This month’s story series is about inroads members who accompany people’s abortions across the world. While there is a growing need for self-managed abortions to bust stigma that exists in different legal contexts or medical establishments, there is also a need to understand what building a community of companionship for abortions looks like. The members who we speak to work as doulas, companions and even comadres, roughly translating as godmothers. We have blogposts from Ecuador, Peru, Poland and USA!
Serena Morena arose in response to certain questions that went on in our heads. Why abortion, a process that some of us have experienced, continues to be clandestine despite being massive? After participating as activists in one of the legislative attempts to decriminalize abortion in cases of rape, we noted the need to move beyond just the legal level and begin to work, a little more, in direct accompaniment.
Teamwork means putting our energies into collective power and letting the importance of our experiences function as a catalyst for many other experiences. Talking about abortion in Peru also means talking about illegality and injustice. Therefore, saying “Yes, I aborted” means challenging the stigma that forces us to hide and silence our experiences. Without visibility, unfortunately, there is no transformation. Medical institutions address abortion as a crime, and despite violating certain basic principles of the practice of medicine, they sometimes denounce, mistreat and / or intimidate women who arrive at the health center after having undergone an abortion.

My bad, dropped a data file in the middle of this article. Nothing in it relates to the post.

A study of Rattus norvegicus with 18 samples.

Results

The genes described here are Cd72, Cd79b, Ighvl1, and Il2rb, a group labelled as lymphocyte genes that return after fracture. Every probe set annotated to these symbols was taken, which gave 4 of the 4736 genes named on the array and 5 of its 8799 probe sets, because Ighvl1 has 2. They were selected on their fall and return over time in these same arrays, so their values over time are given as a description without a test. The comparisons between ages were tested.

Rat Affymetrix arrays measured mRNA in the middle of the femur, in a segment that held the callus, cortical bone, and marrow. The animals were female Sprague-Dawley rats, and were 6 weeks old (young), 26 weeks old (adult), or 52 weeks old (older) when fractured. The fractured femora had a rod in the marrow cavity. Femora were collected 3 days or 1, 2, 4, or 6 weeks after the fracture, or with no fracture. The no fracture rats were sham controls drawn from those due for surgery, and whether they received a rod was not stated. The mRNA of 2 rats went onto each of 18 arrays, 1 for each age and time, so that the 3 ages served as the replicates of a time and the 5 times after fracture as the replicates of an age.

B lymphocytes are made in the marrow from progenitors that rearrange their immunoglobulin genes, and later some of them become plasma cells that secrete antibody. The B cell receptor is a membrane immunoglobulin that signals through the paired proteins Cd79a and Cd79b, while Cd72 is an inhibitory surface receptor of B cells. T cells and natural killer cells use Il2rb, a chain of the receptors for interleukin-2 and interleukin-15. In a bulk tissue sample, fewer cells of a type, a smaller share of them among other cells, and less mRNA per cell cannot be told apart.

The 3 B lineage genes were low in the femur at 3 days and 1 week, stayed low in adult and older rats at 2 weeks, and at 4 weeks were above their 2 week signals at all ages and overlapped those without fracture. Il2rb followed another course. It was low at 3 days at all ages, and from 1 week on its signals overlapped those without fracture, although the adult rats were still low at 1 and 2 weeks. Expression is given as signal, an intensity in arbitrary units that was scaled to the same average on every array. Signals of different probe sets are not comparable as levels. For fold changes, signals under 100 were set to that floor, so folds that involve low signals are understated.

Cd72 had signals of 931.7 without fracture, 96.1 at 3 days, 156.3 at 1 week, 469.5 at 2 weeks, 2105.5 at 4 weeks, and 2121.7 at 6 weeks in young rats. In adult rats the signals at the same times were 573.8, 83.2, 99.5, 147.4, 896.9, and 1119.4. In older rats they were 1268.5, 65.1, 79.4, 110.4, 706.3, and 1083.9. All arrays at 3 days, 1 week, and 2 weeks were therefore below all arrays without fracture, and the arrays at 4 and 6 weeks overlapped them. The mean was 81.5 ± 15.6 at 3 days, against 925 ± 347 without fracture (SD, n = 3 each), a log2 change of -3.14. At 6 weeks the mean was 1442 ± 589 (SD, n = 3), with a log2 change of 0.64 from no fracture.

For this reason, we consider that it is necessary to strengthen networks, which bet on feminist information and support as a legitimate way for information to be socialized so that women can access it more easily, without intermediaries that exacerbate guilt and mistreat our bodies and subjectivities.
Accompaniment is essential, both in the abortion process and, for example, in the consumption of retrovirals, referring to HIV. A person who is accompanied, oriented and understood, develops some vital strength to challenge the stigma that society and religion, whether Catholic or evangelical, – the most powerful and assimilated in our country – deposits in the bodies of women and non-heterosexual people. Therefore, we believe that a complete accompaniment system forges stronger and more confident citizens. The citizens we want to become.